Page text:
The hashtag #DeleteFacebook is trending on social media and news outlets throughout the country. Facebook’s most recent controversy stems from the breaking story that a company called Cambridge Analytica gained access to the private information of more than 87 million users on the social media platform. In addition, the data of nearly all 2 billion of its users has been collected by outsiders at some point in time without the users’ explicit permission.
Cambridge Analytica is a London-based political data firm that was also hired by President Trump’s 2016 election campaign. It gave the campaign information on the personalities of American voters and offered to influence voters’ opinions with conservative digital ads, fake accounts, and posts.
In 2014, information was collected from Facebook profiles through a personality quiz app called “thisisyourdigitallife.” This app was downloaded and installed by approximately 270,000 users in return for one to two dollars per download. Subsequently, information from users’ Facebook profiles, as well as from their friends’ profiles, was scraped away and retained. Since most Facebook users have at least a couple hundred friends, the number of people affected turned out not to be just 270,000, but over 87 million.
The specific information siphoned off included “details on users’ identities, friend networks and ‘likes’,” according to The New York Times. This allowed Cambridge Analytica to map out people’s tendencies, personalities and common interests based on their likes and home pages.
With the guidance of Cambridge Analytica’s data, President Trump’s digital operation during the election proved highly effective. According to Martin Moore at the Center for the Study of Media, Communication and Power, Trump’s campaign “was using 40-50,000 variants of ads every day that were continuously measuring responses and then adapting and evolving based on that response.”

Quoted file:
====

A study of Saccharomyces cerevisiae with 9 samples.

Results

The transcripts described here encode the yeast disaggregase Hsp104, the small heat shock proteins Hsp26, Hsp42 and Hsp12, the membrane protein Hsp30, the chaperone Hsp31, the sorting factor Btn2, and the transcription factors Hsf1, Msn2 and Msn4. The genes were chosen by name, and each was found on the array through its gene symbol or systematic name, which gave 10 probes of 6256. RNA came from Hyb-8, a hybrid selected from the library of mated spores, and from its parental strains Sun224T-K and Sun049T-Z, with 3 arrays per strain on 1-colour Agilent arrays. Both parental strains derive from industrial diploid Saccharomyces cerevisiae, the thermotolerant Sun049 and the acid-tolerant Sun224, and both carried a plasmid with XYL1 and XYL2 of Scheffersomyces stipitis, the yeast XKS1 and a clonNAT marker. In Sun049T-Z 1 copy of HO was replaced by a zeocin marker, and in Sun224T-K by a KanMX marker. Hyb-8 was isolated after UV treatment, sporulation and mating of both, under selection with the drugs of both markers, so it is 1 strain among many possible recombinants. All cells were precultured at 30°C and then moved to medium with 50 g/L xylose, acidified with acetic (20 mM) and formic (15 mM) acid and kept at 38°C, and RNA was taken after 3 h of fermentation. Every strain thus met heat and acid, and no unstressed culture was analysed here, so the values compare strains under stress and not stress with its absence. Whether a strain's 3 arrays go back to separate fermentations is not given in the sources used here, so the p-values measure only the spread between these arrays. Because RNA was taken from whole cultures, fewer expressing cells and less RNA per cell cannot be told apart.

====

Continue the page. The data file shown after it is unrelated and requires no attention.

Computer Science Teacher Forest Reid believes that although Cambridge Analytica has been engaging in such activity since 2014, “It only just came to our consciousness because of Robert Mueller’s investigation into the last presidential election.”
For many students at Deerfield, the story of Facebook and Cambridge Analytica is unfamiliar. However, the idea that a company was able to manipulate people’s political beliefs based on computer algorithms was certainly shocking news for Samara Cummings ’20. “This almost reminds me of Big Brother, and complete government control,” she said.
Deerfield students and faculty were most likely attacked by the harvesting of data as well. A majority of our student body relies on the Deerfield Academy Student Forum to post and receive relevant information about school events.
Just a couple weeks ago, a Facebook group called “DA Girls” was formed for girls to coalesce into one united group, and nearly 200 girls have joined since. Because Facebook CEO Mark Zuckerberg has admitted that most Facebook users should assume that their public information has been exploited by a third party, it is safe to say that at least one member of our community, if not more, has had their data taken from them.
Director of Information and Technology Services Kimberly Butz works on networking, infrastructure, and the protection of Deerfield’s digital network from hacks and attacks. She said, “I wasn’t particularly surprised to hear the news. I really don’t think that any of the major social media platforms have done enough to protect people’s data.” She emphasized, “Individually, we should be actively standing up for our own privacy rights. Most people don’t read the fine print under terms and conditions before clicking ‘I Accept,’ which makes it possible for incidents like this one to occur.”
However, there is only so much individuals can do. Even limiting social media use has not shown to protect one’s data from exploitation.
Dov Seidman, CEO of LRN, an ethics and compliance management firm, reflected that social media executives also need to acknowledge the potential strengths and weaknesses of their platforms, stating, “We need to start by pausing to reflect on how our world, reshaped by these technologies, operates differently – and on the kind of values and leadership we will need to realize their promise” he said.
Most Deerfield students trust social media with much of their private information, including phone numbers, addresses, school information, friends, family, and more. The question ahead is if and how technology should bear the responsibility of keeping that information safe from hacking.